The popular story of how low-carb diets work goes something like this: Reducing your carbohydrate...
Let me introduce myself. My name is Mark Sisson. I’m 63 years young. I live and work in Malibu, California. In a past life I was a professional marathoner and triathlete. Now my life goal is to help 100 million people get healthy. I started this blog in 2006 to empower people to take full responsibility for their own health and enjoyment of life by investigating, discussing, and critically rethinking everything we’ve assumed to be true about health and wellness...Tell Me More
“Today, instead of experiencing a mellow and graceful transition to sleepiness during the evening hours, our exposure to artificial light after sunset kicks off a chain reaction of adverse hormonal events. Artificial light and digital stimulation after dark suppress the release of melatonin, the hormone that makes us feel sleepy in the evening (a process known as dim light melatonin onset, or DLMO). In tandem, we experience a spike in the primary stress hormone cortisol. Initially, cortisol floods the bloodstream with glucose, giving us a ‘second wind’ to stay awake and finish our emails or Netflix series binge.”
For anyone who’s experienced it, the frustration can be miserable. The countless tossing and turning, the minutes that tick by (turning into hours), and you STILL haven’t gotten a modicum of decent sleep. No matter how hard you try to ignore it, that urge to constantly move or stretch your legs just won’t let up.
Restless legs syndrome (RLS), aka Willis-Ekbom disease, affects a decent chunk of the population: thought estimates vary wildly, this 2017 representative survey places its prevalence between 5.7 and 12.3% of the population. That’s up to around 40 million people in the U.S. alone who go to bed every night knowing they’ll likely be kept awake for hours with that unrelenting, restless sensation.
Last week’s Q&A about cultivating wildness was a lot of fun, but there were some questions I didn’t get to in the original post. Today, I’m going to answer some more. From stirring stories of a father and son pursuing and living their dream after experiencing extreme tragedy to how to go barefoot more safely to the balance between creativity, progress, and Primal values to accepting the reality (and beauty) of having work to do to the value of sun exposure in winter to circadian entrainment. In short, we’re covering a ton of ground today.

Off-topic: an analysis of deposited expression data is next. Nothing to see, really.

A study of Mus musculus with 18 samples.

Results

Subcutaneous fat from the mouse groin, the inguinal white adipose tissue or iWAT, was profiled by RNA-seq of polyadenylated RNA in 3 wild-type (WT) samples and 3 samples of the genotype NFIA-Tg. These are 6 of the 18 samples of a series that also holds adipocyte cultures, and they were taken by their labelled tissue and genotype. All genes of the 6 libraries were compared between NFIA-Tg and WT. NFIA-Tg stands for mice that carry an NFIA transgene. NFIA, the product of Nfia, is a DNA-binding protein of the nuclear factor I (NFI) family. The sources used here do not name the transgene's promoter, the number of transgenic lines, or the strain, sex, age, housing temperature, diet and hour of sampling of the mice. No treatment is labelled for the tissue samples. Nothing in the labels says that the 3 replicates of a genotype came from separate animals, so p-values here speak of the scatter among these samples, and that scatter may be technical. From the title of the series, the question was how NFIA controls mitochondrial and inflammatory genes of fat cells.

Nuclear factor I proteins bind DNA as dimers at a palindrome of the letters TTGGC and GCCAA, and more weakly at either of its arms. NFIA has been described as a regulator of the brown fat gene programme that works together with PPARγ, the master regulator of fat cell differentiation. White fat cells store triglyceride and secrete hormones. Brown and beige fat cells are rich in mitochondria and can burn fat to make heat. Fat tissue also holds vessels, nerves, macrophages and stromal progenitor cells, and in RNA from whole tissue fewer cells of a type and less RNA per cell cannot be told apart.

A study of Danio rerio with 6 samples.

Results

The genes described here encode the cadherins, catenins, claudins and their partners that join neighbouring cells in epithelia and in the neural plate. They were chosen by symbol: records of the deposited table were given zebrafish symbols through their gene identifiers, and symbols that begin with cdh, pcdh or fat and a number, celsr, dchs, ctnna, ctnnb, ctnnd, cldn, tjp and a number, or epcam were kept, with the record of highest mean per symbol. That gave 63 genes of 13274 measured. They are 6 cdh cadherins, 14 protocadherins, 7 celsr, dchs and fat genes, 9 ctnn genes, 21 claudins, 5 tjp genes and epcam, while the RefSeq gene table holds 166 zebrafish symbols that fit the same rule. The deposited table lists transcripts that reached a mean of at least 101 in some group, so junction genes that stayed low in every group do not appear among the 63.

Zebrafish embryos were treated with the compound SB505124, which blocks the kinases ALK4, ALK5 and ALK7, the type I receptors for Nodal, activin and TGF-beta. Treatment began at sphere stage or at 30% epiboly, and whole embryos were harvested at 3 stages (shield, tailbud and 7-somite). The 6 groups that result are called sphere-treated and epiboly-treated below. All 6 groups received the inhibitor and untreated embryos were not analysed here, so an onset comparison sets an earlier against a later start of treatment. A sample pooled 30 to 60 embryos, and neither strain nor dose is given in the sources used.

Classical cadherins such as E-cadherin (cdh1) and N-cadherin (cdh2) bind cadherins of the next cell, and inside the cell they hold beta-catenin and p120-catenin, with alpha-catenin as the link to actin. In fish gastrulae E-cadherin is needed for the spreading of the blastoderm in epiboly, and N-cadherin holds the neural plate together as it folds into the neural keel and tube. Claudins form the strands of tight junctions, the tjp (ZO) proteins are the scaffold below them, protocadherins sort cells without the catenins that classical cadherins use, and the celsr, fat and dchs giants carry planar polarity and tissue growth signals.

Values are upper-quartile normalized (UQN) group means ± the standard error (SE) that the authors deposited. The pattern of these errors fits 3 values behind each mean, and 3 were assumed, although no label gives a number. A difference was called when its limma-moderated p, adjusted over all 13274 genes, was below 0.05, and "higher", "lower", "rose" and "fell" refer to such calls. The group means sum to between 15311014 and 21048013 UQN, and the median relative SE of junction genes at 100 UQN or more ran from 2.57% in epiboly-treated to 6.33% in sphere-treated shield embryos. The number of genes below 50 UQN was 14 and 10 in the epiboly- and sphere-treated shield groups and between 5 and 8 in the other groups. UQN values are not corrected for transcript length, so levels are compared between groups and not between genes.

Today’s article is a guest post by Dr. Mark Burhenne, the #1 bestselling author of The 8-Hour Sleep Paradox. As an authority on dental health, he is also on a mission to help shift the conversation about sleep from quantity to quality as the foundation for primal living. As a member of the American Academy of Dental Sleep Medicine, Dr. Burhenne blogs about the mouth-body connection on his website, AsktheDentist.com.
As followers of the Primal Blueprint, we talk a lot about blocking blue light, for example, to mimic the sleep of our ancestors. But there’s another big thing that we’re missing when it comes to sleep that is drastically different from our ancestors—and that’s how we breathe during sleep. Our sleep breathing faces many modern challenges that Grok never faced. In this article, we’ll cover what those are and how to overcome them for the best sleep of your life.
“Apps aren’t paleo, Sisson. Grok waited for days for aurochs to wander within spear-chucking range, not overnight for the release of the iPhone X.” True. But this is the world we live in. These are the tools we have.
If you’re going to lug around an addictive piece of tech in your pocket all day, it might as well contain some apps that make living healthy and living Primal easier, rather than harder. What follows are some of the best paleo/Primal apps I’ve found. Some I use, some I don’t. They’re not all explicitly “paleo,” but they’re all at least tangentially related to this thing we call the pursuit of optimal health and happiness.
For today’s edition of Dear Mark, I’m answering questions from last week’s hormone normalization post. First I discuss a lack of purpose in the mornings affecting sleep and what to do about it. Next, I explore the prospect of sun and fasting as hormone modulators. After that, I explain the meaning of max aerobic heart rate and correct a mistake I made. And finally, I suggest to one reader that she may need to eat more calories to normalize her sleep and thus her hormones.